The highlight of Fall Creek Falls State Park is the waterfall. At 256 ft, it’s the tallest waterfall east of the Mississippi. The water is controlled by the dam, so it’s almost guaranteed that the falls will be flowing. In Spring when the dam can’t control the volume of water melted by snow, the creek is gushing with water, and can sometimes create a double waterfall, split by trees above. The best time to take photos here is in the afternoon light, since the waterfall is south facing. This is an easy waterfall to view, as you can walk about 100 yards from the parking lot to the overlook. To really get a unique view, you can hike down to the base of the falls. Keep reading to view the route to the base.
Distance: 1 mile RT
Elevation gain: 266 ft
Time: 1-2 hours
Dog friendly? Yes, ON leash
Kid friendly? Yes
None, Tennessee does not charge to visit their state parks
Entrance sign to the park.
Using the park map, drive to the Fall Creek Falls Overlook. Walk about 100 yards to the overlook.
During Thanksgiving, the water level was pretty low but viewing this waterfall was still epic.
This photo is from Waterfall Picture Guide, and shows how high the water level can be, and where the second (smaller) waterfall will sometimes appear. So beautiful!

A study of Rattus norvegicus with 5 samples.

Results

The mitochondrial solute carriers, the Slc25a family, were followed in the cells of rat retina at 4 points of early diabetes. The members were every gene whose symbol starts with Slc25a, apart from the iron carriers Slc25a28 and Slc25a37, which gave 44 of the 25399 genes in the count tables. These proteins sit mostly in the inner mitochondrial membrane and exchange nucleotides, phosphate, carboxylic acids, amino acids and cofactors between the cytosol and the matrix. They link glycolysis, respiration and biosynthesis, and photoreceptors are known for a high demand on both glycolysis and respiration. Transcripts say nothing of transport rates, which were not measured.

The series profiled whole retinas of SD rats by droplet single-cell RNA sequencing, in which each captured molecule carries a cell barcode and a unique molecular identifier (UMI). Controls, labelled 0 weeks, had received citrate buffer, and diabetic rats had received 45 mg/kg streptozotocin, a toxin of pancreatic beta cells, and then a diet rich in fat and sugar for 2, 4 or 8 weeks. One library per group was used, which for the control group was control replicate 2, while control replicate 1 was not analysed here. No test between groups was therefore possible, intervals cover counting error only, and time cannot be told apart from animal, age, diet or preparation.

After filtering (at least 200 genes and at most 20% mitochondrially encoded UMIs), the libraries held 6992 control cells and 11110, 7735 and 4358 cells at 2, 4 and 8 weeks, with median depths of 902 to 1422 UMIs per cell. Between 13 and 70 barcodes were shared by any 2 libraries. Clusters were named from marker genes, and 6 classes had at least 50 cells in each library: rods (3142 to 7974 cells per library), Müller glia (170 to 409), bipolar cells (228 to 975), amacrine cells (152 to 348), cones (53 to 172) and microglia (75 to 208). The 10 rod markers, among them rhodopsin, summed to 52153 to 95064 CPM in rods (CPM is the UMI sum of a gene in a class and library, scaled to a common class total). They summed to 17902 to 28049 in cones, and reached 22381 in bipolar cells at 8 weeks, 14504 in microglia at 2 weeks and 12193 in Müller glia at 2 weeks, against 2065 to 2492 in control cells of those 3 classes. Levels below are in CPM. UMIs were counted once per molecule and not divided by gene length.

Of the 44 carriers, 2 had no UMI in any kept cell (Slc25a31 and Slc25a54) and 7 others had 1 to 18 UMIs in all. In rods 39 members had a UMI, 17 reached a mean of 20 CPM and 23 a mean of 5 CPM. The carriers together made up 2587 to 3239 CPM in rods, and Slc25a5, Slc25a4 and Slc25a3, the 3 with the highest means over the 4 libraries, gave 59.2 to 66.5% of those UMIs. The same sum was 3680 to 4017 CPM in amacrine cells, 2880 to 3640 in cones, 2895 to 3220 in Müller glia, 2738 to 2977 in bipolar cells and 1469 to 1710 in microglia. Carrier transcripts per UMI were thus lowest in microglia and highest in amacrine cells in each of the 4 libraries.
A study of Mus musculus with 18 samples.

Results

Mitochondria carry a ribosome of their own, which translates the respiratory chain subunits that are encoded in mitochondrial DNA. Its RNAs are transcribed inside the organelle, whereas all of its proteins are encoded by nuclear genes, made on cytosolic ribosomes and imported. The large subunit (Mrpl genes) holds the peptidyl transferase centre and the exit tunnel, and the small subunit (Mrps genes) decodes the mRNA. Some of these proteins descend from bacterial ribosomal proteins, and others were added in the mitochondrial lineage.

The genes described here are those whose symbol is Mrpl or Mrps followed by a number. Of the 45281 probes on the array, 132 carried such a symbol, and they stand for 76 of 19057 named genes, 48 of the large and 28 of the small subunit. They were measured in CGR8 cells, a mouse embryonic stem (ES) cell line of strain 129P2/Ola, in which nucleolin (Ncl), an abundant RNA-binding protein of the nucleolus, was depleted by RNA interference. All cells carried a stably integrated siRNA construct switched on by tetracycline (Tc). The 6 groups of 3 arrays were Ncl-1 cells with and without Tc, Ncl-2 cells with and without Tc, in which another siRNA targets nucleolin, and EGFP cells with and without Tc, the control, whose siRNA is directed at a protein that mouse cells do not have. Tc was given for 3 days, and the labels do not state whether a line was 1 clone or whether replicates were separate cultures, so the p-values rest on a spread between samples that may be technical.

To get to the base of the waterfall, find the large dirt steps to the West.
You’ll hike down a staircase, then the trail will follow this wooden railing to the base. You will turn down one switchback.
The trail down is rocky, but most people do fine on the trail. If you have bad knees you may find it more difficult.
The trail then goes underneath this open “cave”.
Eventually you’ll reach the end of the trail. From here, it’s fun to explore by hiking all around the rocks.
Can you spot my mom in blue? This shows how big the gorge walls are.
It’s a great view from the base!
My momma! No resemblance at all, right? 😉
After hiking to the falls, we drove over to the Buzzard’s Roost overlook. You can also hike down about 50 feet to the actual perch. I felt like this provided for a better view of the gorge.
Penny Adams Photography got this amazing shot of what the actual Buzzard’s Roost looks like from afar.
Our last stop in the park was the Cane Creek Suspension Bridge, which is 150 ft long and 20 ft above Cane Creek. The bridge connects to the trail to Fall Creek Falls. To get here, all you need to do is follow the signed path from the Cane Creek Cascade Overlook parking area. It should take you less than 10 minutes to reach this bridge.